Jaipur Rugs evokes the Catalonian countryside with its new collection of indoor outdoor rugs, Barcelona. Hand-Hooked of 100% polypropylene.
ATLANTA – The summer always promises sunshine, warmth, and some rest and relaxation, and area rug companies are hoping this year it will also generate new business.
While the July version of the biannual Atlanta International Area Rug Market is typically slower in retailer attendance compared to the January show, exhibiting area rug manufacturers and importers are cautiously hopeful that trend will shift.
They argue that while the still-sluggish economy, housing market and unemployment continue to affect business, these conditions potentially pose an opportunity for retailers to expand their soft flooring assortments and stir sales.
“Although it’s usually a slower market for us in terms of traffic, the Atlanta July market looks to be very productive this year with several key customer meetings scheduled throughout the week,” said Jason Moody, creative director of Jaipur Rugs. “It’s also an important opportunity for us to reconnect with our national sales team, providing training on new sales programs and product introductions.”
Conscious that price “continues to play a large role with several of our buyers,” Moody added, Jaipur “continues to respond to this trend with several new, fashion-forward collection introductions offered at popular price points.”
These include synthetic indoor/outdoor varieties that speak to two trends: shoppers’ orientation toward value-priced goods and at-home entertainment as an economical alternative to dining out.
“The outdoor/indoor category is so important right now, and for it we are showing pillows, rugs and mats – products with very wide appeal,” noted designer Liora Manne, who is launching several new collections with longtime partner Trans-Ocean.
“We are excited,” she went on. “We are expecting lots of walk-in traffic and new customers. Price is important, however, our product is fashion, and retailers are coming to us for the bright colors and the uplifting designs.”
Linon also has a heftier appointment list for market than it had a year ago, said Steve Mazarakis, who heads the company’s rug business.
“A lot of key players will be attending, and many of the smaller accounts will be coming as well,” he said. “The majority will be still looking for price and value and they will be trying to get the best look for their dollar.”
But Mazarakis believes that as long as the housing market continues to be slow, “so will be the home furnishing business as we know it. Where there was once a large market for mid-price- level products, it seems it is now [focused on] high-end for the rich and [lower-end] affordable for everyone else.”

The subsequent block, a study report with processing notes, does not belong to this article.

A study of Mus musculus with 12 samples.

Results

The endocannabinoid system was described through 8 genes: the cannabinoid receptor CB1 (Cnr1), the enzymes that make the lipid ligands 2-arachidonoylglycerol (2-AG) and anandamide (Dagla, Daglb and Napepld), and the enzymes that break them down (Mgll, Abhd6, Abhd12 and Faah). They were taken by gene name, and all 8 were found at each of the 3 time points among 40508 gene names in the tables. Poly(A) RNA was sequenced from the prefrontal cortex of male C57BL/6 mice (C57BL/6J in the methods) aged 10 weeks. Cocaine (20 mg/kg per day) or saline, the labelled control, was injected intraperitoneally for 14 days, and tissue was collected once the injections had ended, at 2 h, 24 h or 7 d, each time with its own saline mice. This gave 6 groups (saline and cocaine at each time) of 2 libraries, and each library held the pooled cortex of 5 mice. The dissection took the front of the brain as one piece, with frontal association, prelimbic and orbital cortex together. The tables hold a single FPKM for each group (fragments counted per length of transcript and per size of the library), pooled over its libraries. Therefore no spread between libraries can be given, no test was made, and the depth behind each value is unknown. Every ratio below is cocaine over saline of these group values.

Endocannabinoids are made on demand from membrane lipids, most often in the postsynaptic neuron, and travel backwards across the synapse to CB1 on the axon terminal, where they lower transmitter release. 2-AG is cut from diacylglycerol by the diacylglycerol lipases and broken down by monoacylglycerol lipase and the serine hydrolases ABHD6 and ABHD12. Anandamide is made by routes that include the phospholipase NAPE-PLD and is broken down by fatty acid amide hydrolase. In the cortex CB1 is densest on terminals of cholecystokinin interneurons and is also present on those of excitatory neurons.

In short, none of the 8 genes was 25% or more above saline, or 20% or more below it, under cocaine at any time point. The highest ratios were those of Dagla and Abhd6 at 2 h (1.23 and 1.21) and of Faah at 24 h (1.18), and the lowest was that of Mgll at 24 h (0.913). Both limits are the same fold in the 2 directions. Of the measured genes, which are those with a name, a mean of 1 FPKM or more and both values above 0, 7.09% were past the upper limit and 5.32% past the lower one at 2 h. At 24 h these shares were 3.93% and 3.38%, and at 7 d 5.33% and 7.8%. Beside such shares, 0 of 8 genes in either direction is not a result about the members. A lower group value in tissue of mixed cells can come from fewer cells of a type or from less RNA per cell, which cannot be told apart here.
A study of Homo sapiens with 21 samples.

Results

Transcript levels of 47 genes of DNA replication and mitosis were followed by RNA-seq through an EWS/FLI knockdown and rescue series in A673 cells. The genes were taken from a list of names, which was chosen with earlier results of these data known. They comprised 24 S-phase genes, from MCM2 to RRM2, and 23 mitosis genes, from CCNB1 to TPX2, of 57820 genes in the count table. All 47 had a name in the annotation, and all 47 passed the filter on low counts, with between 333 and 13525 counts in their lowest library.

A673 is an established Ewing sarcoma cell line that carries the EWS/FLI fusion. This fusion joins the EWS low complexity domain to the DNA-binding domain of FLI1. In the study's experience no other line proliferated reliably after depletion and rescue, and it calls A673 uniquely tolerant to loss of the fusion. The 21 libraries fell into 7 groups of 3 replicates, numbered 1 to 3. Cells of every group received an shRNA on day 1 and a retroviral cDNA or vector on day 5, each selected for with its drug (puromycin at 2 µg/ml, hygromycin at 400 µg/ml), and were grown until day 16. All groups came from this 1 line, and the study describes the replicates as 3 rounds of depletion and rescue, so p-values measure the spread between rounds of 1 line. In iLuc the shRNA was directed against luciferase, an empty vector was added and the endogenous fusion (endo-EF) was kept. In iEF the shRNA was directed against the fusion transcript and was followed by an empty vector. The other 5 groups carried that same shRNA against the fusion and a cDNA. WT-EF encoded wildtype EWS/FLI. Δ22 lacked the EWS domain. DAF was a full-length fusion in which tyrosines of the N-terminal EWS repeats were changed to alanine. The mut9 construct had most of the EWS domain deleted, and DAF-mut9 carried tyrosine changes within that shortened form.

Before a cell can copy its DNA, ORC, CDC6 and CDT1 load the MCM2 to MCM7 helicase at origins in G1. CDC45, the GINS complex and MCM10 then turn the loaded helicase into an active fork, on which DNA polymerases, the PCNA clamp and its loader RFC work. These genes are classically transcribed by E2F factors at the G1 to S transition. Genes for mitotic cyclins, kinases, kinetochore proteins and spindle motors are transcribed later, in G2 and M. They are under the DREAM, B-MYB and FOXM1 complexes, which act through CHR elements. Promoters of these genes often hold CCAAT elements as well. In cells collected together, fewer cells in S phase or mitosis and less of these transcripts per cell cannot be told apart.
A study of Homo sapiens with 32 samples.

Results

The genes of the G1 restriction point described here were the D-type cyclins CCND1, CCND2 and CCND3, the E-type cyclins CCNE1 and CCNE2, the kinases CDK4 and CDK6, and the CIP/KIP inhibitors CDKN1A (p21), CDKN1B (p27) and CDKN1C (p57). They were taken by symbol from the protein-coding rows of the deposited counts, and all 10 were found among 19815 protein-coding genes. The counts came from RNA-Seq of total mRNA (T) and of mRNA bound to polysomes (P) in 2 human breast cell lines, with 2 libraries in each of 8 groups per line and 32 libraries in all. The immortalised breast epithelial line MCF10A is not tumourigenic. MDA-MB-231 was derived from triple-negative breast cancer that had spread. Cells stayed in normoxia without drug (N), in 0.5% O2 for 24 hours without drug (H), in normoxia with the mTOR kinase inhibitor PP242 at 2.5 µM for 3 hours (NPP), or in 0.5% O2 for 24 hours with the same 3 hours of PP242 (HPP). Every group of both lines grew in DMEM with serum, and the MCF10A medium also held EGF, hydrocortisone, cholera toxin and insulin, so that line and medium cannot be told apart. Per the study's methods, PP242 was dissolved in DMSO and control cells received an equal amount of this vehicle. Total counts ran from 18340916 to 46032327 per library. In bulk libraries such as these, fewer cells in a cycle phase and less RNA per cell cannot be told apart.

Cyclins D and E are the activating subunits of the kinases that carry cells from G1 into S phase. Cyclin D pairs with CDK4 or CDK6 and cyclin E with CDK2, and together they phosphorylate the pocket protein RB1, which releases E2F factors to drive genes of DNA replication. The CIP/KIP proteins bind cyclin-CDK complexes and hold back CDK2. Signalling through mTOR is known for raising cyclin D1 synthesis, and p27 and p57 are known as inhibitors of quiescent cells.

Capel Rugs holds a contrary view.
“Definitely our mid- to high-end collections are what are selling best, and that is where buyers will be looking,” observed Allen Robertson, vp of sales. “We have really strengthened our collections that retail from $999 to $1,499 in the 8- by-11 size, and these represent areas that we have always been successful.”
Robertson said this is the result of an improving economy. “My instinct is that we have weathered the worst of the financial storm. The customers that usually come [to market] will be here … I feel certain that we will write more business than we did last. Several dealers have shared with us that store traffic is increasing and many need to buy new fresh rugs.”
Capel is presenting 75 new rugs, “with much emphasis on new creative transitional and soft contemporary designs,” Robertson added.
Natco/Central Oriental is also seeing a slight shift in retailers’ attention on price, said Jim Thompson, vp of sales and marketing.
“At the past few markets all of the action has been in the lower opening price points with retailers looking to add value priced rugs to their assortments,” he said. “But I am finally hearing that there is a need for better rugs with slightly higher retails.”
He added: “I do not foresee a dramatic up-swing in retail prices, but at least they are going in the right direction … It is still a matter of quality over quantity, and if vendors make their appointments the buyers who do attend are likely to buy. The retailers who attend the summer markets are driving the rug business in their market place and despite tough economic conditions are selling rugs and, hopefully, buying rugs for the upcoming fall selling season. From a product standpoint I expect to see retails creep up, which is good news.”
Anticipating the typical summer traffic is Joyce Lowe, Nourison’s national sales director, rugs.
“We expect our business to be steady. The summer markets are always slower we do not expect to write more than we did last summer,” she said, adding that the company’s appointment book for this market is “slightly lower” versus last summer.
Lowe expects buyers to be focusing on “replacing their best selling styles as well as making a few collections to punch up their assortment.”
Less optimistic is John Shepherd, president of 828 International Rug Co.
“To be very honest, my expectations are low,” he warned. “Hopefully, the buyers that show up will buy. [Our] appointment book is about the same [as last summer’s], but I hope we get more between now and market.”
Price continues to be “on everybody’s mind,” Shepherd continued. “The retailers are not getting traffic. And those [shoppers] who do come in are very price conscience.”
Safavieh is bent on turning “lemons into lemonade” in light of the dampened economy; company principal Arash Yaraghi said the company is “doing whatever we can to create new product that will drive consumers into stores.”
Based on the product previews it has given some retail customers, “we feel that we will see positive growth in all categories from hand-knotted to hand-tufted and machine-made rugs.”